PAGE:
The development industry is changing rapidly, and a lot of job roles are being affected. Justin James says DBAs, developers, and PMs are at the top of that list.
In the last couple of years, there has been a radical series of changes around how developers work with databases. One of the results has been to change the responsibilities of DBAs and developers with regards to the database. Let's examine how these changes affect the development process.
Where we came from
During the client/server years, the role of DBA was a hybrid of systems administrator (specializing in supporting databases) and developer (creating various views, stored procedures, functions, etc. for consumption by applications). The DBA had to know how to optimize hardware and OS configurations for the best performance. DBAs also needed to have a bag of tricks such as table partitioning, careful index creation and tweaking, and so on to get the best performance out of a system. In addition, the DBA would handle security concerns; one of the most common chores in a DBA's day was to create stored procedures that provided extremely limited access to a database and expose that stored procedure to the application as needed, and keep the underlying table locked down.
Developers, on the other hand, were generally at the mercy of the DBA. The DBA had full access to the database, and only granted permission to applications and users where needed. The last thing the DBA wanted was to allow the developer the ability to model a database, since developers are notorious for making some less-than-stellar decisions about database design. In addition, DBAs tried to limit developers' ability to run custom SQL against the data, since many times developers' SQL code would have poor performance because they were not as well versed in databases as the DBA.
However, in many organizations, these distinctions and role divisions never existed. Some IT departments let the developers have full access to the database systems, and in other cases, the developers basically were the DBAs, and the server folks handled the rest. But in larger companies, this division of labor has been very common and expected for quite some time.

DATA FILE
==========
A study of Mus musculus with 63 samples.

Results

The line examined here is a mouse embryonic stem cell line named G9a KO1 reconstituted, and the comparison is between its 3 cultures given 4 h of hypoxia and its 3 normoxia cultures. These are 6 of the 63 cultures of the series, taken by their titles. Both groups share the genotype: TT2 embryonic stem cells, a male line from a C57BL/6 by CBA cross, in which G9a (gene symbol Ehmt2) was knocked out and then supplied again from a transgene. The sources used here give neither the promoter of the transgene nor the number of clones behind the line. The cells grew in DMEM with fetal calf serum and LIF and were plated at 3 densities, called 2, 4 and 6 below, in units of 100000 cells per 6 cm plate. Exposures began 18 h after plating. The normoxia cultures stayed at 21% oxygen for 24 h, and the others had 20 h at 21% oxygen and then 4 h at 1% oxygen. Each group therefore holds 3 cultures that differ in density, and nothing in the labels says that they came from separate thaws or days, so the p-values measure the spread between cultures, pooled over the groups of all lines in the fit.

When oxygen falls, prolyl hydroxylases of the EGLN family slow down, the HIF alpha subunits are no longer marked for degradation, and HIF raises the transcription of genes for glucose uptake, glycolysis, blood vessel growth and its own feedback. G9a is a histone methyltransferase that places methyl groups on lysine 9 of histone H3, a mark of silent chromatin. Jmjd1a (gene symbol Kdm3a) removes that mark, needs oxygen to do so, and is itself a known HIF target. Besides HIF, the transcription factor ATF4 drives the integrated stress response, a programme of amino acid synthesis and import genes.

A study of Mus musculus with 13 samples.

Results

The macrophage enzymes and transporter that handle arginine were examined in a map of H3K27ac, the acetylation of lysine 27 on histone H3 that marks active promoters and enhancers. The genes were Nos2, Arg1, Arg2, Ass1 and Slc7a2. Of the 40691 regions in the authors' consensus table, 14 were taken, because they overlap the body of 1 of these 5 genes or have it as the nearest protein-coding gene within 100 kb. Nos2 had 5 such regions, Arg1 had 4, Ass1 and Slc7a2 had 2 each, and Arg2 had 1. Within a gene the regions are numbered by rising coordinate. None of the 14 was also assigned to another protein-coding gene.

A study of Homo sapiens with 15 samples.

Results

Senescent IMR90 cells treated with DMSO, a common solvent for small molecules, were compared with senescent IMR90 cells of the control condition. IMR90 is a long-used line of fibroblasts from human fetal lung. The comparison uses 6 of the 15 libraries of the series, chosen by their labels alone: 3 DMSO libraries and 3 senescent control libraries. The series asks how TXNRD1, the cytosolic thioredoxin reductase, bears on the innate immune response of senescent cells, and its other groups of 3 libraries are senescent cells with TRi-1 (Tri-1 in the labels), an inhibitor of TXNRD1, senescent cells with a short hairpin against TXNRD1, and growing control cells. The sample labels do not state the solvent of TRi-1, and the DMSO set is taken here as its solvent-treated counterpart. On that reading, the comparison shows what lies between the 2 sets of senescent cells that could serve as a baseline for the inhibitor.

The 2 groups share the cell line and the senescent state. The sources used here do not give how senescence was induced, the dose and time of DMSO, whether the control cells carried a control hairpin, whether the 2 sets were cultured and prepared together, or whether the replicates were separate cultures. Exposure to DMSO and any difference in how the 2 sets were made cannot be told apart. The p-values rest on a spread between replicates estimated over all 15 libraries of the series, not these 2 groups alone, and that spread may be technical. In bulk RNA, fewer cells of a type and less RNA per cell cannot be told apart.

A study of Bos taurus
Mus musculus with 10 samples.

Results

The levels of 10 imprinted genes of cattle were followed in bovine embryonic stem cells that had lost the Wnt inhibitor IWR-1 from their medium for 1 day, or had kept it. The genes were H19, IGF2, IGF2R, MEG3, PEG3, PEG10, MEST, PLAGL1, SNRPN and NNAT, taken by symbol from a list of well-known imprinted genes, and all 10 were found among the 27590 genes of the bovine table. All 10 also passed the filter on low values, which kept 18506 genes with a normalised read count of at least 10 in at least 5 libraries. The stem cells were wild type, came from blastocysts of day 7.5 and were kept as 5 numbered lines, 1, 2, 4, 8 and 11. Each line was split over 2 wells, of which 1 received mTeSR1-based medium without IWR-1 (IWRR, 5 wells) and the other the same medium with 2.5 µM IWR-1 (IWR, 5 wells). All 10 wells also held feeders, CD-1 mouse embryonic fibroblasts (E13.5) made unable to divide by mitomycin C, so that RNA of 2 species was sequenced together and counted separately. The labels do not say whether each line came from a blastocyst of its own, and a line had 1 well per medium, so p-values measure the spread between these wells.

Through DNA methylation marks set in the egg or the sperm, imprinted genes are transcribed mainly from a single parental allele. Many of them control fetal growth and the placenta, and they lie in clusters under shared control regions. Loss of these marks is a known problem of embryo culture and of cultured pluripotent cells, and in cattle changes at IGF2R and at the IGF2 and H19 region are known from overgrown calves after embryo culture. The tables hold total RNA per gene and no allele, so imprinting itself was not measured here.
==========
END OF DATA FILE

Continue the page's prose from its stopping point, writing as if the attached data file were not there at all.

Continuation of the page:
There has been a huge explosion in development frameworks and systems that make it much easier for developers to run decent code against the databases. Various systems came out that finally let developers run properly parameterized code against a database (Visual Studio 2005 comes to mind) instead of gluing SQL statements together as strings, exposing the system to SQL injection attacks. At the same time, a variety of systems came out (like reporting/data warehousing/BI/etc.) that would create their own SQL code; these systems were often as good as or better than the average developer could put together. Hand tweaking by a skilled human could often improve the generated code, but for most purposes, it is good enough.
We have had major advances in object-relational mapping (ORM) systems like Hibernate and the .NET Entity Framework that have added an additional abstraction layer on top of the database and further obscured it. The ORMs are much easier to work with if the developer has full access to the database and does not need to worry about working through limited access stored procedures. LINQ to SQL in .NET and Rails's AREL are additional examples of systems that make it much easier for a developer to work directly with the database than to work through a stored procedure.
The biggest change of all is the advent of various Agile development techniques. Project specs (and therefore, database models) can now change with every call with a client, and applications are worked on in two weeks sprints as opposed to the six month timelines of the past. Waiting for a DBA to update the data model and change the stored procedures, views, etc., and then have the developers get to work is too many moving parts in a stripped down Agile team. In these kinds of environments, developers are often creating and packaging the databases themselves, and leaving it to an automated deployment process to push the changes to the database.
Does this mean that the traditional DBA role is dead? I don't think so. DBAs are still needed, but they are definitely losing their status as "keepers of the keys to the kingdom" in a number of organizations and probably many more down the road.
Databases still have a very unusual set of performance characteristics, and it takes a trained and experienced professional to plan and tweak systems for the best performance. Beyond that, the existing installation base of legacy applications is huge. Plus, for environments where many applications access a shared database, a DBA is needed to coordinate things (and often to write stored procedures with the proper transactional safeguards) to ensure that no applications trample each other. It's one thing for an application to be loose with data constraints in its own data; it's another thing when other applications need to access that data as well, for example. Constraints are a great example of the kinds of things developers tend to overlook but DBAs don't.
The world of development is changing rapidly, and a lot of job roles are being affected. DBAs, developers, and PMs are at the top of that list.
J.JaDisclosure of Justin's industry affiliations: Justin James has a contract with Spiceworks to write product buying guides; he has a contract with OpenAmplify, which is owned by Hapax, to write a series of blogs, tutorials, and articles; and he has a contract with OutSystems to write articles, sample code, etc.